New On-Line Tools for Scholars: 1

Science  03 Nov 1995:
Vol. 270, Issue 5237, pp. 715
DOI: 10.1126/science.270.5237.715

Summary

These days, seasoned researchers as well as students of science must constantly battle an information overload that gets in the way of their pursuit of knowledge. Scientists are always playing catch-up in an attempt to stay abreast of the literature, whether their interests are narrowly or broadly focused.

Science cannot escape some responsibility as a contributor to this information glut. As a broadly based weekly journal of original research findings, we aim to communicate to our readers the latest important research events, whether first reported in our own pages or in other journals. We also strive to provide international scientific coverage of discoveries, as viewed by both scientists and science journalists. But how do our readers stay afloat in this constant flood of new information? We suspect that after readers flip through the latest issue looking for news stories and new results pertinent to their fields of interest, the issue goes onto a pile, awaiting that elusive moment of free time when the interesting papers can be recovered and studied in depth. Frequently, the desire to learn is overwhelmed by the desperation caused by having too little time and too much to do.

Since the launch of our World Wide Web pages on 23 June 1995, we have been sampling the reactions of readers who are attracted to this form of scientific information exchange. So far, our “Beyond the Printed Page” features have expanded the kinds of information we offer our readers to include supplements to the printed material and forums for exchanges of ideas and interpretations, as well as the opportunity to gain a preview of what the printed version will contain when it arrives.

Beginning with this issue, the printed material of Science should become much more accessible to the busy scholar. Science in print will now be complemented by Science On-Line”, jointly developed with HighWire Press of the Stanford University Library. This new version of our electronic communication channel allows us to move ahead with the first in a series of new tools for organizing the information we and others publish.

In addition to full text of the Table of Contents, the Editorial, and This Week in Science, “Science On-Line” will offer full abstracts of all original Research Articles and Reports; summaries of the Perspectives, Policy Forums, Research News, and News and Comment features; a Table of Contents organized by subject area; and links between related features. Furthermore, through the use of a simple but potent search engine developed by HighWire to fit our needs, “Science On-Line” readers can now recover from their piles that long-lost item that looked so interesting when it arrived. Beginning with the 6 October issue, readers can search by authors, key words, or dates. The search results will indicate if the item is an Article, Report, News story, Perspective, and so on. As our digital archives accumulate, threads connecting general topics will emerge so that one can begin to put into perspective the ways in which new data and ideas relate to previous items on related topics.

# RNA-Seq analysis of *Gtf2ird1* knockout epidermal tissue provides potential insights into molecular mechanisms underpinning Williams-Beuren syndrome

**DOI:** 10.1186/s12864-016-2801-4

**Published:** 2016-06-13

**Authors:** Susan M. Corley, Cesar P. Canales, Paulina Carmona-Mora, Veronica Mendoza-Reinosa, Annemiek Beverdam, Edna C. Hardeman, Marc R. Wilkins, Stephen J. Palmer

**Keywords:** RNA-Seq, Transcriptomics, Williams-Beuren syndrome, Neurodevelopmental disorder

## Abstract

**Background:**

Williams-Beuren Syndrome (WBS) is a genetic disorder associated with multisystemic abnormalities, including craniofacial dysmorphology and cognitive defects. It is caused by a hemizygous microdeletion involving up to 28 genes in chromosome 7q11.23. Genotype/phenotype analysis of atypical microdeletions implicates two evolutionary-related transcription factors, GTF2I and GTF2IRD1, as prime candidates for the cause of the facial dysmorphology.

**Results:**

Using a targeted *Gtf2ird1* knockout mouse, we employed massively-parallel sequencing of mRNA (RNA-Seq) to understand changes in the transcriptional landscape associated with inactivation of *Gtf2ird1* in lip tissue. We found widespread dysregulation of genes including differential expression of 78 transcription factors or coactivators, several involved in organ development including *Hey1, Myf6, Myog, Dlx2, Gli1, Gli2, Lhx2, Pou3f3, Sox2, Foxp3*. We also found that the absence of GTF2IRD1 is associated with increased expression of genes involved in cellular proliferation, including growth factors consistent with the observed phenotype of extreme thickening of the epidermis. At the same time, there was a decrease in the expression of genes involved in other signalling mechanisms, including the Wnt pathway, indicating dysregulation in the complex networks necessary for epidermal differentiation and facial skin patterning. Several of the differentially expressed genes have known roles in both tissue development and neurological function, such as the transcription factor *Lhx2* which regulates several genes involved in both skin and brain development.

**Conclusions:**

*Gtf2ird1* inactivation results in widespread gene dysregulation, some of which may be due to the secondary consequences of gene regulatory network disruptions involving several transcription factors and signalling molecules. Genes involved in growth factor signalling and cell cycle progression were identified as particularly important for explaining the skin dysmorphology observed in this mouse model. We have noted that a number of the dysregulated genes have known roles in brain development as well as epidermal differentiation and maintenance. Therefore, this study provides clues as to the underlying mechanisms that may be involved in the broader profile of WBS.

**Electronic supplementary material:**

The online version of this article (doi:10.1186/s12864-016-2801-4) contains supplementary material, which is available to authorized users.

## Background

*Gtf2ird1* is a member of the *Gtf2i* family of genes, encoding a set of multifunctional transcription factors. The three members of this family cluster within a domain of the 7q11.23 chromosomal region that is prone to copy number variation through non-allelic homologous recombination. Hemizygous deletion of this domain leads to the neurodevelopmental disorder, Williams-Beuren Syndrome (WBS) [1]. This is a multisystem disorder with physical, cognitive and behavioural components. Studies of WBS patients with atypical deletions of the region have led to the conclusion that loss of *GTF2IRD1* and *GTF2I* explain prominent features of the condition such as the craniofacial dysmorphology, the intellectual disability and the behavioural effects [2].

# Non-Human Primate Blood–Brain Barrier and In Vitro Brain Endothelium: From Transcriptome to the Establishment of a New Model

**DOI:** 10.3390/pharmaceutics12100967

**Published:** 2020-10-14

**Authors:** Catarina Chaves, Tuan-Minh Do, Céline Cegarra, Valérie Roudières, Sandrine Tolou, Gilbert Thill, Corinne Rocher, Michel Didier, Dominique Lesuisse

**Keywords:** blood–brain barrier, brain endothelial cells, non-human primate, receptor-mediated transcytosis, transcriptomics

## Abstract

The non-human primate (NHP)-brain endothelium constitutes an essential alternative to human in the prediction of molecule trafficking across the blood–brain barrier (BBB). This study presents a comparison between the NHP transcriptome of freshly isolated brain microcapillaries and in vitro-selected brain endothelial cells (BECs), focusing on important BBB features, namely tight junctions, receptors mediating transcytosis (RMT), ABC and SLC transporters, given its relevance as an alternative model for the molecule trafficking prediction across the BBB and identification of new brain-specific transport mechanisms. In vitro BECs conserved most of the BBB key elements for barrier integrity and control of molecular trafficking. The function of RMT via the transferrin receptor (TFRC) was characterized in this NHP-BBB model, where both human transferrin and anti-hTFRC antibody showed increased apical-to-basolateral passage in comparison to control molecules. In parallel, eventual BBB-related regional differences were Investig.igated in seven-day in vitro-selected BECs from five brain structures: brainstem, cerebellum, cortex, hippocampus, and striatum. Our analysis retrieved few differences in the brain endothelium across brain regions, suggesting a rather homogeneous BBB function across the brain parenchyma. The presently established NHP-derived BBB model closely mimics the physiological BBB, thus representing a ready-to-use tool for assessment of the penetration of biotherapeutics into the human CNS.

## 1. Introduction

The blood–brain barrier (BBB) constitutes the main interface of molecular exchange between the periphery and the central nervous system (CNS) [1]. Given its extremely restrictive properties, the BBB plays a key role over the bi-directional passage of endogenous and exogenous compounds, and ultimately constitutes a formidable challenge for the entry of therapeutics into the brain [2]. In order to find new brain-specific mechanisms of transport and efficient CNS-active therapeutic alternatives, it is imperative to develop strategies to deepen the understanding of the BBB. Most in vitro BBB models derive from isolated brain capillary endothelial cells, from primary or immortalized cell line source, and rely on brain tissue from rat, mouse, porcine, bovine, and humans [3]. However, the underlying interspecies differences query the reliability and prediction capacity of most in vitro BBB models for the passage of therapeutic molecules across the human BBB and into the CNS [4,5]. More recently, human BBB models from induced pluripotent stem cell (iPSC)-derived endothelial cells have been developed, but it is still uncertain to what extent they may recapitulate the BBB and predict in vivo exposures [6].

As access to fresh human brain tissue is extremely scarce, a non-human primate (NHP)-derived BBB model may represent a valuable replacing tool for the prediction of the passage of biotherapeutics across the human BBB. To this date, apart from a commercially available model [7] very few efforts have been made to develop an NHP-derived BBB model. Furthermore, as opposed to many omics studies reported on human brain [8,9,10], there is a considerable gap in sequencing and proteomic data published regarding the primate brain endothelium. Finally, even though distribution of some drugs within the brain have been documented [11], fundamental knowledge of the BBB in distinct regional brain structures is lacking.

In keeping with our goal of providing our readers with more tools to aid their scholarly pursuits, our new electronic armamentarium also includes access to the databases of the Community of Science, to allow users to identify others working in a given area of science and to communicate directly with them. In addition, through special arrangements with the Community of Science, browsers at our Web site can access the Federally Funded Research databases of projects already under way. “Science On-Line” also features new links to Science's Electronic Marketplace,” where the latest information on tools, reagents, and other devices, as well as research-related services, can be acquired. Links to the Global Career Network will provide the latest information on job opportunities, searchable by key words. More new interactive features have been added to Science's Next Wave,” now taking on a life of its own in providing new facts and people connections for those beginning their scientific careers.

We invite experienced browsers of the first edition of Science's Web page, as well as those who are curious but Web-wary, to take a look. All of these tools are freely available for now. We ask only that you tell us about yourself via the guestbook button the first time you browse, and give us your impressions via the feedback button when you have used the system. The next additions to our tool kit for science scholars are already well along in their development. We look forward to your suggestions.